Google Inc. Thursday announced a new test service that allows people to use mobile phones or handheld devices to tap Google's Web search via text messages, or short message service.
Called Google SMS, the service is the newly public company's broadest push yet in the mobile market and comes as Google and its rivals in the hotly competitive Web search industry race to expand their reach.
Outlined at http://sms.google.com, it delivers business and residential listings, product prices and dictionary look-up.
Mountain View, California-based Google is not taking a percentage of the 5-cent to 10-cent per-message charge levied by mobile carriers, nor will advertisers influence results.
"In all of these cases you do not pay to be included," Georges Harik, director of Google's incubator Googlettes said, referring to the businesses that show up in the SMS listings.
"We're not charging anything for the service and we have no plans to do so in the near future. We're trying to see if this is compelling enough to get people to use it," he said.
With the service, a hungry tourist in San Francisco could find a Chinese restaurant by sending Google a text message that reads "chinese san francisco ca" or by including a ZIP code locater such as "chinese 94104." Google would then send back a text message with information from Google's local search.
Shoppers could pull pricing information on 4-megapixel digital cameras from Google's online comparison shopping engine, Froogle, by sending a message that reads "price digital camera 4mp." Google Local and Froogle are also in beta.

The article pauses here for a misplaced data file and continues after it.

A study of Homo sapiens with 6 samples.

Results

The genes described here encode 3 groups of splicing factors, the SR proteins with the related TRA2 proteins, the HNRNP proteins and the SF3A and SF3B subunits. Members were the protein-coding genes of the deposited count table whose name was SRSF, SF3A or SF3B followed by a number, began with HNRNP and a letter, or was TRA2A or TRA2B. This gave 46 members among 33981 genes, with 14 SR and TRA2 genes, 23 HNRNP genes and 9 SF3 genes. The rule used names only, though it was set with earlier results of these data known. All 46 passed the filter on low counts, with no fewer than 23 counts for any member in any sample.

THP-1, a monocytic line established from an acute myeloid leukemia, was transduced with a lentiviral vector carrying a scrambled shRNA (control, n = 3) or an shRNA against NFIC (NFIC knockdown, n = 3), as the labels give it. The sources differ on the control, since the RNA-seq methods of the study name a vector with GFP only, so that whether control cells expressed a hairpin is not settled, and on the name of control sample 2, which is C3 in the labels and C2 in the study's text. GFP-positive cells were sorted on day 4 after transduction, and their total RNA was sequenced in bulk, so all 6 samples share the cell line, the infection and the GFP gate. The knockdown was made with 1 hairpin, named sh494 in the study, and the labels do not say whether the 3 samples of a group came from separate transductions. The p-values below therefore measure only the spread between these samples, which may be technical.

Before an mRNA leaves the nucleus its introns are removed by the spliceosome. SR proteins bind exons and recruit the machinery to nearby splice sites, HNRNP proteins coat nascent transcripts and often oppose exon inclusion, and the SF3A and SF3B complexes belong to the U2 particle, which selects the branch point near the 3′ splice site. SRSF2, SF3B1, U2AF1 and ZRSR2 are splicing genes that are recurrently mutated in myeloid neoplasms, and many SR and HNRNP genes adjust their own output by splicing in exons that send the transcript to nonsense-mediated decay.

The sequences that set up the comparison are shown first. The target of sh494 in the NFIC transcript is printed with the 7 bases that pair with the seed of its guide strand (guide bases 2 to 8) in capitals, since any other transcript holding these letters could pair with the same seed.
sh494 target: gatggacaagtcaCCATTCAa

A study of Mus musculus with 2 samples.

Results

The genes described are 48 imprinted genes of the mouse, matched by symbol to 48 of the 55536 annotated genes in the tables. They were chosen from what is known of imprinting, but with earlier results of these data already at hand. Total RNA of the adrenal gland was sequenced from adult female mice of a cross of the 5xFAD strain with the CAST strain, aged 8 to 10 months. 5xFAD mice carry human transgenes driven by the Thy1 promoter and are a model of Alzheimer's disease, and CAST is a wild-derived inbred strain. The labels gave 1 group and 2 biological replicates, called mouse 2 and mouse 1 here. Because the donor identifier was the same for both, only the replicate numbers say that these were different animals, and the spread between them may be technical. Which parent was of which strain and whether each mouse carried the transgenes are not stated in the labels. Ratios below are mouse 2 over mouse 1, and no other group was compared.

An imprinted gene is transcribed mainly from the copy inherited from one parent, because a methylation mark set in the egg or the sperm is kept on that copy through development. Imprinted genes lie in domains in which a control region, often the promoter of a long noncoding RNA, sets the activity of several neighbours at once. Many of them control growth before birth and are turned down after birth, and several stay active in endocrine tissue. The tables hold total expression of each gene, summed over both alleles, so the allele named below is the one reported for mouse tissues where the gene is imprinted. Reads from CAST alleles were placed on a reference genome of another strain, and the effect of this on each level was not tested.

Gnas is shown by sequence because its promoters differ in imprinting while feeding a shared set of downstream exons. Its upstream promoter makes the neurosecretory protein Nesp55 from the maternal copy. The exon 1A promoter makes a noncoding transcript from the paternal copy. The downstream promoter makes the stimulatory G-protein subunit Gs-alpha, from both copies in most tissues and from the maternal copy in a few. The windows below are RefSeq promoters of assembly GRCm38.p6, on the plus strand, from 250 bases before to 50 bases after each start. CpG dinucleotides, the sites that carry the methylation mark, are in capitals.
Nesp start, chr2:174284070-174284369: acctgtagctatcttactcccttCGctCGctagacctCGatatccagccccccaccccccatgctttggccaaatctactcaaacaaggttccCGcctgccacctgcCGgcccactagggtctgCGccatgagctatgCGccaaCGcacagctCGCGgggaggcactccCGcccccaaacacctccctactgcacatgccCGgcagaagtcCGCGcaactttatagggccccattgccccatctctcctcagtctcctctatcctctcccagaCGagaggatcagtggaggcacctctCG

Google SMS currently works with the top six U.S. wireless providers including Cingular Wireless , Verizon Wireless and Sprint . The service does not work outside of the United States as Google as yet to expand its local search services overseas.
Text messaging, which works on most mobile phones now on the market, is still growing in popularity in the United States but has been widely used in Europe for years. While analysts were not blown away by the widely available technology, they said the move would probably be good for Google.
"It gives people that are heavily reliant on Google's services the ability to extend the use beyond their PC to their phone," said Yankee Group senior analyst Linda Barrabee.
Analysts said Google is certain to face competition in the future as mobile providers upgrade their networks and use the Web to deliver increasingly sophisticated information to mobile phones. For example, maps and menus could be shown on phones via the Internet, one analyst said.
Nevertheless, IDC research manager Keith Waryas, said such changes take time. "This is probably going to be quite a valuable service in the short term."